FAQ's - Victim Assistance

How can I get specific information about the case?


Call your local law enforcement agency, prosecutor’s office, or victim service provider for information.

How do I get a copy of a law enforcement report?


Most of the time, you can simply go to the main office of the county sheriff or city police department to make a request for an incident report. The person making the request should ask (1) when the report will be ready, (2) how much it will cost, and (3) what method of payment is acceptable. If it is unclear whether or not the report can be released, ask when and who to call to verify its statutes before making a trip to the agency. If the report will not be released, ask the agency to explain the reasons. Agencies are required to provide the statutory authority that gives them the legal basis to refuse the request.

A person should note: The Otter Tail County Attorney's Office can only disclose those crimes that it prosecuted. Private individuals can generally access more complete criminal records only through the Bureau of Criminal Apprehension in St. Paul, 651-642-0672.

Is law enforcement required to give me a copy of the report?


It depends. In general, if the data are public, the law enforcement agency is required to provide a copy or allow inspection. If the data are not public (including confidential data), the law enforcement agency cannot, by law, provide a copy.

What law enforcement data are public and what are confidential?


Law enforcement data that are always public include: arrest data, request for service data, transcripts of 911 recordings, and basic information about the law enforcement agency's response to an incident.
Law enforcement data considered confidential are criminal investigative data on an active investigation. Once an investigation is inactive, the investigation report is public.

How much will a copy of the report cost?


If the person who is requesting the report is not the subject of the data (such as the victim), the request is for public data, an the report is for 100 or fewer pages, black and white, the law enforcement agency can only charge up to 25 cents for each page copied, or 50 cents for a two-sided copy.

Are there other laws that apply to different situations or crimes?


Domestic abuse: A victim of domestic abuse can request a copy of a domestic abuse report from a law enforcement agency at no cost.
Juveniles: If the offender is a juvenile, the investigative report is not public even if the investigation is inactive. 

What if I need financial assistance?


You could be eligible for reparations from the State of Minnesota if you are a victim of a violent crime and have out-of-pocket costs related to medical care, counseling, a funeral, or lost wages. You could be eligible for restitution from the defendant if he or she is found guilty or enters a guilty plea.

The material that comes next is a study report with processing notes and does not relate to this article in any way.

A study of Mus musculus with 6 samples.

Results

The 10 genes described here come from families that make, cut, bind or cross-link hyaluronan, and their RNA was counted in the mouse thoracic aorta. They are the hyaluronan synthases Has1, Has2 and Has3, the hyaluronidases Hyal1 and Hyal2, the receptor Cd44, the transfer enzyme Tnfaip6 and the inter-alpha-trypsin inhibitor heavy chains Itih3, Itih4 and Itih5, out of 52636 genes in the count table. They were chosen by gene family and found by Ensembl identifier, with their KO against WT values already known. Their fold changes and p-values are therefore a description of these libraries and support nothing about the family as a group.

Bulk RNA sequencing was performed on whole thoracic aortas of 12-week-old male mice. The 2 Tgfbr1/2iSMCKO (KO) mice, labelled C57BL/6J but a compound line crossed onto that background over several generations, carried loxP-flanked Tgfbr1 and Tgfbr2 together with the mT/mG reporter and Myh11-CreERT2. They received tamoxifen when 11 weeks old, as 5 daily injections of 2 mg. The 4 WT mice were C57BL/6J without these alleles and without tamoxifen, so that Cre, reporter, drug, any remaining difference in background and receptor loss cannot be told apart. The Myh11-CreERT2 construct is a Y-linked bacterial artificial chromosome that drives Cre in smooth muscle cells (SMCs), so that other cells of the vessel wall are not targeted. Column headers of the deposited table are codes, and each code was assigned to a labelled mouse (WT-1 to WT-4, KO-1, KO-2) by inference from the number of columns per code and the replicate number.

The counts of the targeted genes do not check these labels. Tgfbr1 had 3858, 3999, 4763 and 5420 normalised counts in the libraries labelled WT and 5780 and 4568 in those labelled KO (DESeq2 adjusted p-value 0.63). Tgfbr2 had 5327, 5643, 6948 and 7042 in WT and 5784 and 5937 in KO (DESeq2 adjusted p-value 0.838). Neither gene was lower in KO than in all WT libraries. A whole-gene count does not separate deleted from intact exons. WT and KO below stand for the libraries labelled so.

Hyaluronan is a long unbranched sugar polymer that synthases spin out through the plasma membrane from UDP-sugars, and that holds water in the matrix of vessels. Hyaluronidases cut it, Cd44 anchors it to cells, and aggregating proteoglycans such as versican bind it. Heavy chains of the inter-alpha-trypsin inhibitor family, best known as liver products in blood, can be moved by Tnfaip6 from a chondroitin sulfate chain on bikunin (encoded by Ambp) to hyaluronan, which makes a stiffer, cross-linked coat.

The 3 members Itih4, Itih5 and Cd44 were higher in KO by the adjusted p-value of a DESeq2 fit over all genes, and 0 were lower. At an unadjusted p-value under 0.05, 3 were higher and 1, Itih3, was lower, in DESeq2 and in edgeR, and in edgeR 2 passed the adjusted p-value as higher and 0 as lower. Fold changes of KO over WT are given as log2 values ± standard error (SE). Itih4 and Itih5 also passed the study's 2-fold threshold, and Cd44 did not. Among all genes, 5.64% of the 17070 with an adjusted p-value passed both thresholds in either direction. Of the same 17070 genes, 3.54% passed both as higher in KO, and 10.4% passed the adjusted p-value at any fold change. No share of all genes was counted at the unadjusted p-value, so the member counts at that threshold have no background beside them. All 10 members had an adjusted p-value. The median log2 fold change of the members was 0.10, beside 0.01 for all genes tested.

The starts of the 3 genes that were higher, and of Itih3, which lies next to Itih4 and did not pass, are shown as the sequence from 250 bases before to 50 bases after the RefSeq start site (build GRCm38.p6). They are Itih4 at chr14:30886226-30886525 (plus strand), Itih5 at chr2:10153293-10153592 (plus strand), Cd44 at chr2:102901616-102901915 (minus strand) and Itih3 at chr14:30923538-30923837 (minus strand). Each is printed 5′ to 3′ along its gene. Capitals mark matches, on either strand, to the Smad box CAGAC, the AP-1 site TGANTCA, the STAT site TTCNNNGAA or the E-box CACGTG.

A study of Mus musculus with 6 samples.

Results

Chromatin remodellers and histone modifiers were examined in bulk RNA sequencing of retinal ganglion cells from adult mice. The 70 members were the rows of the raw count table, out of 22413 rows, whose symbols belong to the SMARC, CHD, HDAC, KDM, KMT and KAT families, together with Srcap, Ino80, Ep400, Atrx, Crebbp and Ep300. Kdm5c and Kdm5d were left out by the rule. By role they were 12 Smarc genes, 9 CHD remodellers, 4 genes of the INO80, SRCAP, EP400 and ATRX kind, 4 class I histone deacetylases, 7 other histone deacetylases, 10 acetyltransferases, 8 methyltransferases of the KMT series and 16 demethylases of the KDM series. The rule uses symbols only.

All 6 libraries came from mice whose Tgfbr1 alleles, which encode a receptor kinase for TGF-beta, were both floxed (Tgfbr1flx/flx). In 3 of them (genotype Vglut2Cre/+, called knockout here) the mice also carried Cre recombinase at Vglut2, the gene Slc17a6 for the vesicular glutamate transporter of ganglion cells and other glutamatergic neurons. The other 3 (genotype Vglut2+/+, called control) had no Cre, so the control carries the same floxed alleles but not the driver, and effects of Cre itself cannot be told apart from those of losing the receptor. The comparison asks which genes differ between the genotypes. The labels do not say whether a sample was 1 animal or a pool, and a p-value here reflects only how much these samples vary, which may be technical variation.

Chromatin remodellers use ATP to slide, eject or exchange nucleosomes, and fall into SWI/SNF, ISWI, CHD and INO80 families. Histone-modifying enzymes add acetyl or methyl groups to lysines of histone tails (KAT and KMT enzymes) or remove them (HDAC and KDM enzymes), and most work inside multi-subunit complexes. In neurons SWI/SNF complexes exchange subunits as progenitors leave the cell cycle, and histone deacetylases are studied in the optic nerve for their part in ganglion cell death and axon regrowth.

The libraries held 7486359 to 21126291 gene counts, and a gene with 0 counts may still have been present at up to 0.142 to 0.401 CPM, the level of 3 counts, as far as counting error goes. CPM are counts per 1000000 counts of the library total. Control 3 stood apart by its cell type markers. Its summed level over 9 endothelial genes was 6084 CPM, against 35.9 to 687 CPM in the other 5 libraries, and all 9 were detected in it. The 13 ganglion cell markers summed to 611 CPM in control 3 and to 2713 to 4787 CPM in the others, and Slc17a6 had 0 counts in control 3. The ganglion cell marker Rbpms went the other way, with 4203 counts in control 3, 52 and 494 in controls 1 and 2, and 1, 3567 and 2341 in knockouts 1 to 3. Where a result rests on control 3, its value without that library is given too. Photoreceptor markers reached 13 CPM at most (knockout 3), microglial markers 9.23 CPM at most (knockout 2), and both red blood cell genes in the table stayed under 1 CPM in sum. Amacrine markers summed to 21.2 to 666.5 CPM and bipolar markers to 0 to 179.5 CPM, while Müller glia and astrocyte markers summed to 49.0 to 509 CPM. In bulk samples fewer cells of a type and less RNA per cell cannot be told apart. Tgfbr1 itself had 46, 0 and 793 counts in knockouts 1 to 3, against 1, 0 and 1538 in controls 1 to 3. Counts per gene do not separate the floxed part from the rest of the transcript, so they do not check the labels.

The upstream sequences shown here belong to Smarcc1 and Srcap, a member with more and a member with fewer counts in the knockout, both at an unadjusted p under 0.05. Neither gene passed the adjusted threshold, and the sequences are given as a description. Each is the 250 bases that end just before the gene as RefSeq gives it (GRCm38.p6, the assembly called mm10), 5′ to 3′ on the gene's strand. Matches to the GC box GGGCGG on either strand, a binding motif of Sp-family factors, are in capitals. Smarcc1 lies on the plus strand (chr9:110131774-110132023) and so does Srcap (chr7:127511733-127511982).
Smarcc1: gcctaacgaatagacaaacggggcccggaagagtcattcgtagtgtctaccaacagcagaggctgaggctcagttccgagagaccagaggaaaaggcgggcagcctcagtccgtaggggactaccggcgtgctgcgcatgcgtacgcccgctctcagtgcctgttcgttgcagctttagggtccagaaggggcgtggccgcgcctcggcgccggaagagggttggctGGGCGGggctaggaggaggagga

What should I do if I receive a subpoena or am called to testify?


A subpoena is a court order to appear in court. Read it very carefully. It will have instructions on whom to call for court information and location. However, if you have a scheduling conflict or have any questions, call whoever sent the subpoena. As a witness, you will receive a small fee for your time and mileage.

Do these rights apply when the offender is juvenile?


Yes

How will I know when the offender gets out of jail or prison?


Prior to conviction, a county jail or detention facility must notify a victim of a violent crime of the offender’s release. All victims regardless of the crime are strongly encouraged to register with the VINE (Victim Information and Notification Everyday) program to request automatic release notification.

Can I attend all the hearings?


Yes. In general, criminal court proceedings involving adult defendants are open to the public. A judge may close a hearing or exclude a party under certain circumstances. Victims in cases involving juvenile offenders may attend the court proceedings.

What if I change my mind about prosecuting or testifying?


A crime committed against any person is a crime committed against the state. For this reason, the court can compel testimony of a victim or witness to a crime. 

What if the defense attorney contacts me about the case?


You may be contacted by the defense or a private investigator hired by the defense. You should feel free to talk with persons connected with the defendant, but you have the right to refuse to do so if you desire. If you do decide to speak to the defense attorney or a representative of that office, you may request that an attorney from this office be present while you are being questioned. 

What if someone threatens me to drop the charges?


This is unlikely to happen, but if it does, you should contact your local police department or sheriff's department and report the threat and then tell the Otter Tail County Attorney's Office.

Should I be concerned if months pass without hearing from the court or the County Attorney's Office?


Unfortunately, due to crowded court calendars, it may seem to drag on for a very long time. Please realize that we are continuing to work on your case even when you aren't hearing from us and that we will do whatever we can to move your case efficiently through the system.